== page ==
Morocco’s tree-climbing goats?
Q: Hey, I saw something really crazy while on vacation in Morocco recently. Maybe you won’t believe this, but I swear I saw goats up in the trees, actually perched among the limbs. Tree-climbing goats? What’s up with that?
A: You did, indeed, see goats in the argan trees of southwest Morocco. The trees often have a thick, twisted trunk that the animals are able to climb. But the goats don’t just scramble up the tree for the fun of it — they’re after the olivelike fruit that grows among its leaves.
Now here is where truth meets fiction. Truth is that the goats are able to digest the soft outer layer of the fruit, but the hard, nutty center is a different story. It passes through the goat’s digestive system and ends up being harvested by farmers who pick through the animals’ dung in search of the nut. From there, the nuts are used to make cooking oil, soap and cosmetics.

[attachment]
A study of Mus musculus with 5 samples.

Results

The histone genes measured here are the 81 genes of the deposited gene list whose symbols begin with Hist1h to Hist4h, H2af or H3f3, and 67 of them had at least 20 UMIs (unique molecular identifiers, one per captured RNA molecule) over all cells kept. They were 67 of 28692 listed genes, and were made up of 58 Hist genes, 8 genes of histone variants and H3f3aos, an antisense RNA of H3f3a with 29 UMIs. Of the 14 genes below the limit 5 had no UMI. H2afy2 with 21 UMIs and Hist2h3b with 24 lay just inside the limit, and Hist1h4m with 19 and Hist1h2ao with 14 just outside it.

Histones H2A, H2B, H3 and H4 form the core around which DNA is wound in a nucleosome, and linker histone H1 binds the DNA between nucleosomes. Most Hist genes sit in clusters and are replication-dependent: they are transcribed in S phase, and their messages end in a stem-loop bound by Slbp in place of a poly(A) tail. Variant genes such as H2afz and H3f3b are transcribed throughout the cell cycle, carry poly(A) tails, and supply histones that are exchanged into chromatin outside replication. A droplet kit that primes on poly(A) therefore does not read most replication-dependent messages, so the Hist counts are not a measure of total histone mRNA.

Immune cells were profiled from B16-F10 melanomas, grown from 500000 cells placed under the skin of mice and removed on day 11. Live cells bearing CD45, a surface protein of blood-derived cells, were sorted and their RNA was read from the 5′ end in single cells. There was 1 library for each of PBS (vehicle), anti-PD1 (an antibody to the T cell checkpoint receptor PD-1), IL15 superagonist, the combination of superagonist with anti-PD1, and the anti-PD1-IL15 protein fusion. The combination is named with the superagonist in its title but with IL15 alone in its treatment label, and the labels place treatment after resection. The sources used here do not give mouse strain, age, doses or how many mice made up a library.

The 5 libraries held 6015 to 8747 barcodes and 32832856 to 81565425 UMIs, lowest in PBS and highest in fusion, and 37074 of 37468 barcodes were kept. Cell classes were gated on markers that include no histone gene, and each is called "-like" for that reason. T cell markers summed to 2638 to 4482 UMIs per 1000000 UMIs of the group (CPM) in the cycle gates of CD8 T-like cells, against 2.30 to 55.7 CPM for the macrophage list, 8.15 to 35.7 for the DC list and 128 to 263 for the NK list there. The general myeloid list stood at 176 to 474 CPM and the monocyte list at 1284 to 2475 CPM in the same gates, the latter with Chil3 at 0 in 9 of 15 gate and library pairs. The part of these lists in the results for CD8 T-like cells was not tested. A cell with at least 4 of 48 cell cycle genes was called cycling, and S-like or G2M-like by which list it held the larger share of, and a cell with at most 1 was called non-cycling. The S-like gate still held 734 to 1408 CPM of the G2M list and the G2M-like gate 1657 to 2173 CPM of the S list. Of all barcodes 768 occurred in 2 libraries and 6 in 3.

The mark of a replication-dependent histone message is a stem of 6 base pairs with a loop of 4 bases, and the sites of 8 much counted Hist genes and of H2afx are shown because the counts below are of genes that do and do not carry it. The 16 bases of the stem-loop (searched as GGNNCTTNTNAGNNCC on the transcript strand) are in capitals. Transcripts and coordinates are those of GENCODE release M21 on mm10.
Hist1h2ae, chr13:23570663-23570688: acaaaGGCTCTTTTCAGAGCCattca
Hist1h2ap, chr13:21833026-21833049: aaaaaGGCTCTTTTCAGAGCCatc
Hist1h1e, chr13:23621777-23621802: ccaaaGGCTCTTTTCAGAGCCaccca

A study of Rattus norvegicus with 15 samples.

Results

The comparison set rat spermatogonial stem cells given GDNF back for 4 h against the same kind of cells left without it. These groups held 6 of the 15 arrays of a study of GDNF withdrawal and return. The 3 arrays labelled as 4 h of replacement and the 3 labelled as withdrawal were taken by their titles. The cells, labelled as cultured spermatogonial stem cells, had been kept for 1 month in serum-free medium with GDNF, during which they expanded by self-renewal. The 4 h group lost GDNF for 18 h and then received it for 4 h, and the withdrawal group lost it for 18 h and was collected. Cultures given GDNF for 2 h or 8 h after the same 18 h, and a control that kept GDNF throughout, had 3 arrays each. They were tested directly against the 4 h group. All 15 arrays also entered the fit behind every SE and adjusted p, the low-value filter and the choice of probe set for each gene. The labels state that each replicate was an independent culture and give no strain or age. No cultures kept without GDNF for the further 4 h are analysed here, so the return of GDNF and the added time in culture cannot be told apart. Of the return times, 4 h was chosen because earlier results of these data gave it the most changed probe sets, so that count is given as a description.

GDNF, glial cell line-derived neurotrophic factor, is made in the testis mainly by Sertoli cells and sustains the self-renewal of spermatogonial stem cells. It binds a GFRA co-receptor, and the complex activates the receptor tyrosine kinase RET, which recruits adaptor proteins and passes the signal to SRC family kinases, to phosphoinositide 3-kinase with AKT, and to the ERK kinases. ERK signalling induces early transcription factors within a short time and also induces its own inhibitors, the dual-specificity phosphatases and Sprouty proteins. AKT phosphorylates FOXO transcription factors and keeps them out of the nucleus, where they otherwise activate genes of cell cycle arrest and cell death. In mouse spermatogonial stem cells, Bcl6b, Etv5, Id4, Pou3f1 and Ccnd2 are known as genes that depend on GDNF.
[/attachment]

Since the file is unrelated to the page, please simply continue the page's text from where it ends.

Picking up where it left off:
But savvy Moroccan vendors know the idea of slathering a cream on one’s face that was made from a nut that passed through a goat’s bowels isn’t an appealing prospect to squeamish visitors to their country, so they have their own tourist-friendly version: Yes, the goats do climb the trees to get at the argan’s fruit. They eat the fleshy part of the fruit, but, instead of munching down the whole thing, the critters simply spit out the hard center, making it easy for farmers, who then collected the nuts from under the trees. A much more palatable version of the process, one has to admit.
Despite the nut’s association with goat dung, the cream made from the nut is popular and recommended not only by the vendors vying for tourists’ money, but also by some local women. No matter how the nut is harvested, they swear there is nothing better than argan oil for dry skin.